A Dressing Down

November, 2020

In Ancient Greece, people that defaulted on their debts were forced to sit in the marketplace with a basket placed over their heads. In 17th century Scotland, defaulters were required to wear a half yellow and half brown coat and cap in public. In France, they were ordered to wear a green bonnet.

While these may seem crude and barbaric when viewed through the lens of post Enlightenment modernity, they served a useful, albeit unpleasant evolutionary purpose. The basket over the head, brown and yellow coloured coats or a green bonnet were a signal of unreliability and poor financial strength. The stigma associated with defaulters also served a useful purpose as it discouraged other would-be defaulters from taking on excessive debt which they could not service.

Today, many large and well-known corporations are heavily indebted and often barely make enough profit to service the interest payments on their debts. Years of low interest rates and low defaults has encouraged financial recklessness.

Quantitative easing has distorted natural price signals, as falling bond yields has led to investors chasing yield at all cost. Currently, US junk bonds yield an extra 4.5% above US government bonds. This seems odd because:

  1. We are currently in a global recession
  2. This yield spread is in line with historical averages i.e. junk bond yields are currently indicating that this is a normal period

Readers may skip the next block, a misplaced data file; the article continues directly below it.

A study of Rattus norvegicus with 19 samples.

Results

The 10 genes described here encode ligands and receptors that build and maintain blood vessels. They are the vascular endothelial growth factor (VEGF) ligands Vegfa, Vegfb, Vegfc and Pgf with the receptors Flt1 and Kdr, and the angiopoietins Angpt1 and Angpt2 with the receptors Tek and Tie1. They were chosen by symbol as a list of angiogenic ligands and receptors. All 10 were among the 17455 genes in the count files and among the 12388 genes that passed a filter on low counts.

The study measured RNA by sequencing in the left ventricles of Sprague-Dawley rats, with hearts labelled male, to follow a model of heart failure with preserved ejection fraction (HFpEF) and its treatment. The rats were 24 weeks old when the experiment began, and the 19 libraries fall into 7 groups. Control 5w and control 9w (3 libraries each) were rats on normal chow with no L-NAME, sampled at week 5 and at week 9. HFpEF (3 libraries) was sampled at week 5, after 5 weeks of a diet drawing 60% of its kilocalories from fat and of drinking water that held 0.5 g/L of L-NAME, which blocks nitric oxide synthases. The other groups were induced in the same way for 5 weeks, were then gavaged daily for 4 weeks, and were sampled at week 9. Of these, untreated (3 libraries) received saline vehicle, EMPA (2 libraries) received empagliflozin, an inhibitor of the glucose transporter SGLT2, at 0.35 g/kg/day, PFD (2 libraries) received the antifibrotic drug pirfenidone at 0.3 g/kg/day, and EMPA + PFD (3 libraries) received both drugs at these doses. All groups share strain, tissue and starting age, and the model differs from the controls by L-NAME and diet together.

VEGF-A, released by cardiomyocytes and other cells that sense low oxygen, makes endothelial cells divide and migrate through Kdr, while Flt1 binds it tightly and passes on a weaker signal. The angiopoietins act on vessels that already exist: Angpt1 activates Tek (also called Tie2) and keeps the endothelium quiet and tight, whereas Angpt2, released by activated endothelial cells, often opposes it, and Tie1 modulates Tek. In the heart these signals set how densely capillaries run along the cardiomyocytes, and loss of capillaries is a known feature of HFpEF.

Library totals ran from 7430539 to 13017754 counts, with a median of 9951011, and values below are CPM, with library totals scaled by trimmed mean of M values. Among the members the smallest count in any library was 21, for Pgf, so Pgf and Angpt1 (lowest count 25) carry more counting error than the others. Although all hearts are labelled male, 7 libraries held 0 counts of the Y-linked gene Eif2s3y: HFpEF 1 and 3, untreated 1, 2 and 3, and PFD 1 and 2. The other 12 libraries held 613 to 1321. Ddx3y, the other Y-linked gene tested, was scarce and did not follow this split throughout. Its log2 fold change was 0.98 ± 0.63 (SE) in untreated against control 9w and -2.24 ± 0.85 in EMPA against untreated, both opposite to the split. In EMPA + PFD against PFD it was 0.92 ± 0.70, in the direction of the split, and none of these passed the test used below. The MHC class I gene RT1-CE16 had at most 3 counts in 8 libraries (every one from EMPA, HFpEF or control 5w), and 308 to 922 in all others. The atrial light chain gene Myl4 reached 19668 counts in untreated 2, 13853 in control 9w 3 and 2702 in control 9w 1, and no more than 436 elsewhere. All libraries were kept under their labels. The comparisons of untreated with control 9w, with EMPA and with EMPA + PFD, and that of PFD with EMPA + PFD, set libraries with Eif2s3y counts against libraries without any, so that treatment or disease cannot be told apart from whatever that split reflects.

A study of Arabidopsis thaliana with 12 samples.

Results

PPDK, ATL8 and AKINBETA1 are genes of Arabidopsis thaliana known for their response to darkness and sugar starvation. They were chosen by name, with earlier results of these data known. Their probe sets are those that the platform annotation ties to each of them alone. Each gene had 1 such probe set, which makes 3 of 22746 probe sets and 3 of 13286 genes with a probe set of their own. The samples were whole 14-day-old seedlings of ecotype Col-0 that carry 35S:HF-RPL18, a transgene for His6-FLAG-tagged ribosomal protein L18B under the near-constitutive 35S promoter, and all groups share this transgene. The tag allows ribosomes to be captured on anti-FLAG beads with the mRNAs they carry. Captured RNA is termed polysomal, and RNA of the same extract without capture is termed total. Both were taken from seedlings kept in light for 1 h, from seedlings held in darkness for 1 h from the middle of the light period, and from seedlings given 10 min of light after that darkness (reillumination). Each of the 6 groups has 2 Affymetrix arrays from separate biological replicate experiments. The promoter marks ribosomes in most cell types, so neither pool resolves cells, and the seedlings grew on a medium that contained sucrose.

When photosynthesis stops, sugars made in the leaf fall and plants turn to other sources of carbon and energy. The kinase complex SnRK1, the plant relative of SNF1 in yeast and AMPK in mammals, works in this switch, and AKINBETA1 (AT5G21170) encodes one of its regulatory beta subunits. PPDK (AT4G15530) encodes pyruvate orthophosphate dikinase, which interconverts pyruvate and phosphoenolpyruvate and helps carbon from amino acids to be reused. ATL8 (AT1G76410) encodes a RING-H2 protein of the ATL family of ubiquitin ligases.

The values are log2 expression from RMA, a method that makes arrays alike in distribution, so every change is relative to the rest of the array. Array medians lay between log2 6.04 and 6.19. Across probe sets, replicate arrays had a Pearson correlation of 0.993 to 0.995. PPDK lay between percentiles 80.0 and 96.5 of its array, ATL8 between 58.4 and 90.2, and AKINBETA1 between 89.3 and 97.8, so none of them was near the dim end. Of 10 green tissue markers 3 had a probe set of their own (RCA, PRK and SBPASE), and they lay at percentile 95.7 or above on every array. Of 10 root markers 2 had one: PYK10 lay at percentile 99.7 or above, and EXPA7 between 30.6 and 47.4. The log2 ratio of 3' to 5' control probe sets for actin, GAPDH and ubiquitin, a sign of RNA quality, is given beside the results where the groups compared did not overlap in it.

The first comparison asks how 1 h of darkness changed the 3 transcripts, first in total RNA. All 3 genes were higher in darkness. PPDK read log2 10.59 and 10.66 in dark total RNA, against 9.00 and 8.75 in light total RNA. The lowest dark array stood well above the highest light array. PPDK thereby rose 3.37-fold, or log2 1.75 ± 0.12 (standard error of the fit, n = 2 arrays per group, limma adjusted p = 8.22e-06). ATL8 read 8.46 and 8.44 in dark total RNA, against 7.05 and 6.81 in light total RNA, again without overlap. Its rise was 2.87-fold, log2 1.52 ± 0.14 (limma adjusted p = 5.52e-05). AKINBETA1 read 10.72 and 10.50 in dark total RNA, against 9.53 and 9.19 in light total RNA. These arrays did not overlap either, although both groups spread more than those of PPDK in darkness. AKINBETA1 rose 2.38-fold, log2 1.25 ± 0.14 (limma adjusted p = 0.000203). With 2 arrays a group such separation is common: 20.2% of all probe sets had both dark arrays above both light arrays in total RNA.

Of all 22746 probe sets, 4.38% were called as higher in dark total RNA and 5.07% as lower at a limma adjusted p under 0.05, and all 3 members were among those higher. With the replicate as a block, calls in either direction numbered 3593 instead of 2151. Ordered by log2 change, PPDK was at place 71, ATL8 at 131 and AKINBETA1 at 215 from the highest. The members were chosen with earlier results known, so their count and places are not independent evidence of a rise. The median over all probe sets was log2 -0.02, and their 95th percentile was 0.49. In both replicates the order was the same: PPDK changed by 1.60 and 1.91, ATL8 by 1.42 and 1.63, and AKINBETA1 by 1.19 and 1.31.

3. Corporate debt levels are at all time highs as shown below for corporate America

The announcement of vaccines from Pfizer, Moderna and Oxford University are welcome news. Countless lives will be saved, the misery of forced lockdowns will ease, and some form of normality will return.

However, the corporate carnage caused by the pandemic is not over. While we have increased our equity exposure over the last month, this has been very selective. We have avoided the “cheap” but heavily leveraged companies. Some of these companies may well recover unscathed but the risk of defaults and further financial stress is not a necessary risk to take, especially when highly cash-generative, predictable and unleveraged equities rendered cheaper as equity markets retrenched in response to the pandemic are now available for purchase at reasonable prices.

The ancient Greeks, Scots and French who forced defaulters to wear funny coats and hats were cruel but collectively understood the importance of discouraging bad behaviour for the greater benefit of the society. If the executives of highly leveraged companies that defaulted on their debts were forced forever to wear a green bonnet in public, perhaps others would think twice before using excessive debt to financially engineer higher returns.